I am a passionate advocate of free speech and I do believe that we can sometimes be somewhat oversensitive when it comes to clamping down on those who say things that make us uncomfortable, but are within the bounds of the law. In particular, because of Brexit, there is a tendency amongst those who voted Remain to very quickly dismiss as to the right of the spectrum the views of those who voted Leave. This is unhelpful and unfair and comes about as a failure to listen to the concerns of those who voted Leave, many of which are legitimate.
Further, there are double standards at play in public life and with one breath those representing parties condemn what they deem to be far right views, but then allow extremism to foster in their midst. It is unacceptable for those who are meant to uphold the highest standards in the public sphere to be so unbalanced, using inflammatory language as they do. In failing to take seriously and do something about this hatred, they normalise it, allowing others to follow suit and spread the toxicity – and this applies in all contexts, not just in relation to anti-Semitism and Islamaphobia.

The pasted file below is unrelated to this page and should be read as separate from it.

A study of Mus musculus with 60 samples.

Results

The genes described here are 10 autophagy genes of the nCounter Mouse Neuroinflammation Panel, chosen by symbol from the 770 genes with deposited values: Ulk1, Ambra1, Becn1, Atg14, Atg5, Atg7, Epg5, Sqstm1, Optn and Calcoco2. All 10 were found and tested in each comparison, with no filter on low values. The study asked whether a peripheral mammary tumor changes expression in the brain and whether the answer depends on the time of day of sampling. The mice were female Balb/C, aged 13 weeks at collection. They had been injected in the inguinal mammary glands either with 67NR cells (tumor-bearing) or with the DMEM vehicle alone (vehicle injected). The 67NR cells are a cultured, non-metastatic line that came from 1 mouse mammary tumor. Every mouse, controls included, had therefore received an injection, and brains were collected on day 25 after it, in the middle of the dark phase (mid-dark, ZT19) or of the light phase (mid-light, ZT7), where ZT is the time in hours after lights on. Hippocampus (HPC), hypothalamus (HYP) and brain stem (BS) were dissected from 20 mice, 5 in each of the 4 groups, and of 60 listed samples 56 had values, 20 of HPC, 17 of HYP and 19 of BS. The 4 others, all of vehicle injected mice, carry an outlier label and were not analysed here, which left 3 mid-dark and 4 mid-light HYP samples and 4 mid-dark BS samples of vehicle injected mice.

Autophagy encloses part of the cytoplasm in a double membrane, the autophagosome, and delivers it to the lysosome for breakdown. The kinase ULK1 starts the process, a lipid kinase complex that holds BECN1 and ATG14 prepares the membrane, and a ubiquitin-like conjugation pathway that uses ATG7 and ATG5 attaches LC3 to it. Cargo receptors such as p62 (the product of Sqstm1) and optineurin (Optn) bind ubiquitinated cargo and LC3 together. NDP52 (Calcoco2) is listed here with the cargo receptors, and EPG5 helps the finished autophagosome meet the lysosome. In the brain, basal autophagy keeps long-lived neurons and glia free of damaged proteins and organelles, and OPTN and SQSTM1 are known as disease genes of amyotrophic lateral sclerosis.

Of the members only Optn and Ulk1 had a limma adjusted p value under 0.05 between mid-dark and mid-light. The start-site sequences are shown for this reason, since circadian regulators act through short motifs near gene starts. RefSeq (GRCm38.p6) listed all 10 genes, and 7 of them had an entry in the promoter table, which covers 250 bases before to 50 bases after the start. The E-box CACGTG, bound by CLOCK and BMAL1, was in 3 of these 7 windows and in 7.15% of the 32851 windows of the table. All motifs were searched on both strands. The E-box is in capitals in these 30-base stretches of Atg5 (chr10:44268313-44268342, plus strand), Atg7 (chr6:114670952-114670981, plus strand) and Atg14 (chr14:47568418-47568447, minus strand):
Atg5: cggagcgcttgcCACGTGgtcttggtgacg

We need to come together and celebrate, not hate, the differences between us, but, at the same time, remember what unites us – something we routinely fail to do.
BRINGING COMMUNITIES TOGETHER
As a Briton of Pakistani origin, I feel privileged and proud to have two different cultures which I can identify with and celebrate with all my friends and family, whatever their background. However, despite this, wherever I look, I see deep divisions in this country which affect us all. The tribalism that Brexit has engendered has pitted people against each other - whether it is the so-called right against the so-called left or ‘Remainers’ versus ‘Leavers’ - and led friends and family to fall out with each other.
In addition, many people who come from a minority background – whatever their colour, religious beliefs and cultural affiliations – feel alienated for a number of reasons, including a lack of integration (sometimes through no fault of their own). This has only been made worse by the very public failure of the Labour and Tory parties to tackle anti-Semitism and Islamophobia in their midst – or, to put it another way – their very public tolerance of anti-Semitic and Islamophobic behaviour within their ranks.